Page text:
We might think of a Saturday night barroom brawl when we think of assault and battery in Oklahoma. But do we really understand what these two terms refer to legally?
If you are facing charges for assault and battery in McAlester, Oklahoma, you might want to know exactly what each term refers to and how and why we often see the two terms linked.
What is Assault and Battery in Oklahoma?
Because we hear the terms assault and battery linked together most of the time, it is easy to believe that these are two aspects of one crime. However, the reality is that they are two separate crimes that often occur together and as such, are often charged together.
Under Oklahoma law, an assault is defined as an intentional attempt or threat of force or violence against another person. (Okla. Stat. tit.21 § 641) It is an intentional crime. Here, the threat or attempt at harm that is the crime.
No contact is required to be charged with assault, and the measure of threat or attempted harm is that which would make a reasonable person fear for their immediate safety. If your actions are meant only to scare another person and they reasonably cause a person to experience fear for their own safety, that could be sufficient for an assault charge.
It is important to know that angry words alone are not enough to constitute an assault in McAlester. There must be an accompanying overt action that is threatening for it to be the crime of assault. Brandishing a gun or swinging a bat in another’s direction may be sufficient to be charged.
A battery on the other hand, is defined as an intentional and unlawful use of force or violence against another. (Okla. Stat. tit.21 § 642) While assault is the attempted contact, battery is the contact. It is a contact that is intentional, and either unwanted, harmful, or offensive to the victim of the contact.
The intended contact must be intentional for there to be a crime, but there is no requirement that you intend to actually hurt another for you to be charged with battery. So if cocking your fist is an assault, punching is the battery, whether the victim is hurt or not.
Likewise, if you hit, shoot, or make any other kind of contact with another that is either injurious or unwanted, that will be enough to be charged with a battery in McAlester.
Penalties for Assault and Battery in Oklahoma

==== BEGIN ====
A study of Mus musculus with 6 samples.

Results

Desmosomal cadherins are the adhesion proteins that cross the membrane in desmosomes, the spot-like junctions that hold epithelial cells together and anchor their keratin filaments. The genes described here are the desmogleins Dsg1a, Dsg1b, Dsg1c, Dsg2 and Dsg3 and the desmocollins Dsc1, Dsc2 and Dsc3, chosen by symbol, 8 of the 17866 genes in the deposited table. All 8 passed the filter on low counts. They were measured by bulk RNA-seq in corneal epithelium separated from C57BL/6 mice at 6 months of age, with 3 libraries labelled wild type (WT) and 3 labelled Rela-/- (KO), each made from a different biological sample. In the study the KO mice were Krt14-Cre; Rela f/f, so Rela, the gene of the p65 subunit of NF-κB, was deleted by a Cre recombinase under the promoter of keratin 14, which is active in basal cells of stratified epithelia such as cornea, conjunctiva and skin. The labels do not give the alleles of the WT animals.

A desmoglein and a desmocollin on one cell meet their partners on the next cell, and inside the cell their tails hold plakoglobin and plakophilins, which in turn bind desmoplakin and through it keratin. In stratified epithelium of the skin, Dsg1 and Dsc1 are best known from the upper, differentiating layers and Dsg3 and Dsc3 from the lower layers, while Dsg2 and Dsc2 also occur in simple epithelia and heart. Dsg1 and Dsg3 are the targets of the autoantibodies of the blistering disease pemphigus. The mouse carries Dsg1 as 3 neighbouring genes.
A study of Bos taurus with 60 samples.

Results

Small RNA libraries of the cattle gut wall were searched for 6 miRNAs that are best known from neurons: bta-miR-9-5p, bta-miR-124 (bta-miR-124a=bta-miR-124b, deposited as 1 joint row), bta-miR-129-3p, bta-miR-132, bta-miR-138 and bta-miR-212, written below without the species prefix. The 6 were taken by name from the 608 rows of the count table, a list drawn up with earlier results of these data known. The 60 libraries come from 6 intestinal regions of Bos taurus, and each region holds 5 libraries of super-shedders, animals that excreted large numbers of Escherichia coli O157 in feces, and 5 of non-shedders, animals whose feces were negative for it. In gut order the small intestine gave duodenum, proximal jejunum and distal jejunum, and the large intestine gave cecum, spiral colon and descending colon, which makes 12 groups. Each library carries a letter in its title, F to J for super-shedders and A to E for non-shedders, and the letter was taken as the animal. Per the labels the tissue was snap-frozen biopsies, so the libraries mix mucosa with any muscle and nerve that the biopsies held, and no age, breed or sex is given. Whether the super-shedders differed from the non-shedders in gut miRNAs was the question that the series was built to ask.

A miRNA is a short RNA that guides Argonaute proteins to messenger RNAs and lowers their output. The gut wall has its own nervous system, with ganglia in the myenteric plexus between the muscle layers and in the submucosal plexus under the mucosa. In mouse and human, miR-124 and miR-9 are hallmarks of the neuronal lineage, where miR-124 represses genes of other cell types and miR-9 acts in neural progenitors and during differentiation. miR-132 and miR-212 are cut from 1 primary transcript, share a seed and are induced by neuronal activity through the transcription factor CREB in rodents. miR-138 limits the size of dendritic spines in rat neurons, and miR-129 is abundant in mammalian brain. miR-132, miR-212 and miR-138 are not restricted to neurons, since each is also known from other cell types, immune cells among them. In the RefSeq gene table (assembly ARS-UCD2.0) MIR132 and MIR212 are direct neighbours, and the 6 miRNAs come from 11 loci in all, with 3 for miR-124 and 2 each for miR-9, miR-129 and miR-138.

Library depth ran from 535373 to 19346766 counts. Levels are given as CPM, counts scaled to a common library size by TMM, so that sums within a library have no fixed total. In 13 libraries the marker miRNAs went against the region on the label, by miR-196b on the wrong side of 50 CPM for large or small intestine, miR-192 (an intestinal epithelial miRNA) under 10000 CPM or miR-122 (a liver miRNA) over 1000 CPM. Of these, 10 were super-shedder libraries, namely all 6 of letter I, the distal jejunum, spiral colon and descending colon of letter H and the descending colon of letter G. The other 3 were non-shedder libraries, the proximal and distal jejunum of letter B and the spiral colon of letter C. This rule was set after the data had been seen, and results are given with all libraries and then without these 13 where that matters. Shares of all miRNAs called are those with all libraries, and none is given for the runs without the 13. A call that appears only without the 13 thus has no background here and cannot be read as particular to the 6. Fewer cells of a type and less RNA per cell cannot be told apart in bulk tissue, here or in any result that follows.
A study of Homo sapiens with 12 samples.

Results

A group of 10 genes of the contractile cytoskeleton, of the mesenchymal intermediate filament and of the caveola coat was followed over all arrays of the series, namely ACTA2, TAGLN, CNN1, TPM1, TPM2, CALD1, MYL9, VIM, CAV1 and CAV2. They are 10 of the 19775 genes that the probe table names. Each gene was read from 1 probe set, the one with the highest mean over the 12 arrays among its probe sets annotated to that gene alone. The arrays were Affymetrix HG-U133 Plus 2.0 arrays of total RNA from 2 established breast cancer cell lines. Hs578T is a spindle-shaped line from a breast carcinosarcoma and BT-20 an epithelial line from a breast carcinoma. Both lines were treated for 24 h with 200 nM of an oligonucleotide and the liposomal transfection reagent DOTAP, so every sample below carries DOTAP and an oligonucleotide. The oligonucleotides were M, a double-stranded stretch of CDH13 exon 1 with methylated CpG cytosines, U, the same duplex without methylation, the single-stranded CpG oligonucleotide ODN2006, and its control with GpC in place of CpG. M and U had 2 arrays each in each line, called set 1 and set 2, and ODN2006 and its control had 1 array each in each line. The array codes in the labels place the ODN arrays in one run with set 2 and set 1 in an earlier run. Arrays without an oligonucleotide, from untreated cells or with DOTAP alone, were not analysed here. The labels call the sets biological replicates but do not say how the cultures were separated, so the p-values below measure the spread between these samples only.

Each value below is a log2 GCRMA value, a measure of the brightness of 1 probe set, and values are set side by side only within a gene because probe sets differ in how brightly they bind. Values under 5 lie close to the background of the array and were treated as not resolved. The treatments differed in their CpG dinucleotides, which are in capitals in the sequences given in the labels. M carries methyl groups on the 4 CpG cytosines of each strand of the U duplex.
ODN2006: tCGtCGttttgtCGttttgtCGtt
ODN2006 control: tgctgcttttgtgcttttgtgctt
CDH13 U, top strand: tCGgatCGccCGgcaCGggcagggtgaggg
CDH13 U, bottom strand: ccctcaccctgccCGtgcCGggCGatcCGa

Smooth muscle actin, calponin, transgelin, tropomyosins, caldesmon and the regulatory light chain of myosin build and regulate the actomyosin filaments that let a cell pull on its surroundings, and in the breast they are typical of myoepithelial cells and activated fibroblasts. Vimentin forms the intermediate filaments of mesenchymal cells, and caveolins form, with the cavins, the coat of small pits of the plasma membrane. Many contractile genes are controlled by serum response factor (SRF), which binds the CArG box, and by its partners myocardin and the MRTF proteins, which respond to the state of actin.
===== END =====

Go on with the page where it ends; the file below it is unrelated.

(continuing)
A simple assault is a misdemeanor crime punishable by up to 30 days in jail and a fine up to $500.
But assault usually occurs in conjunction with a battery. When the two occur together, you could face up to 90 days in jail and a fine up to $1,000. (Okla. Stat. tit.21 § 644)
However, the penalties for assault and battery in Oklahoma can be dramatically enhanced depending on who the victim is, what weapons are used, and how much injury the victim suffers.
If the victim is a current or former spouse, a present spouse of a former spouse, a parent, a foster parent, a child, a person otherwise related by blood or marriage, or a person with whom the defendant is in a dating relationship, this becomes a domestic abuse issue punishable by up to one year in jail and/or a fine of up to $5,000 for a first offense.
For a subsequent offense, the crimes become felonies and you could face up to four years in prison as well as fines. If a dangerous or deadly weapon is used, you could face up to 10 years in the custody of the Department of Corrections or one year in prison. If you actually shoot a partner, you could face life in prison.
Finally, if the assault and battery occur upon a law enforcement official, the crime is a felony and you could face at least five years of incarceration.
Free Consultation: McAlester Criminal Defense Attorney
If you or someone you know has been accused of assault and battery in Oklahoma, please contact a McAlester criminal defense attorney to discuss your available legal options.
Consult with an experienced attorney at the Wirth Law Office – McAlester today, by calling 918-302-9656.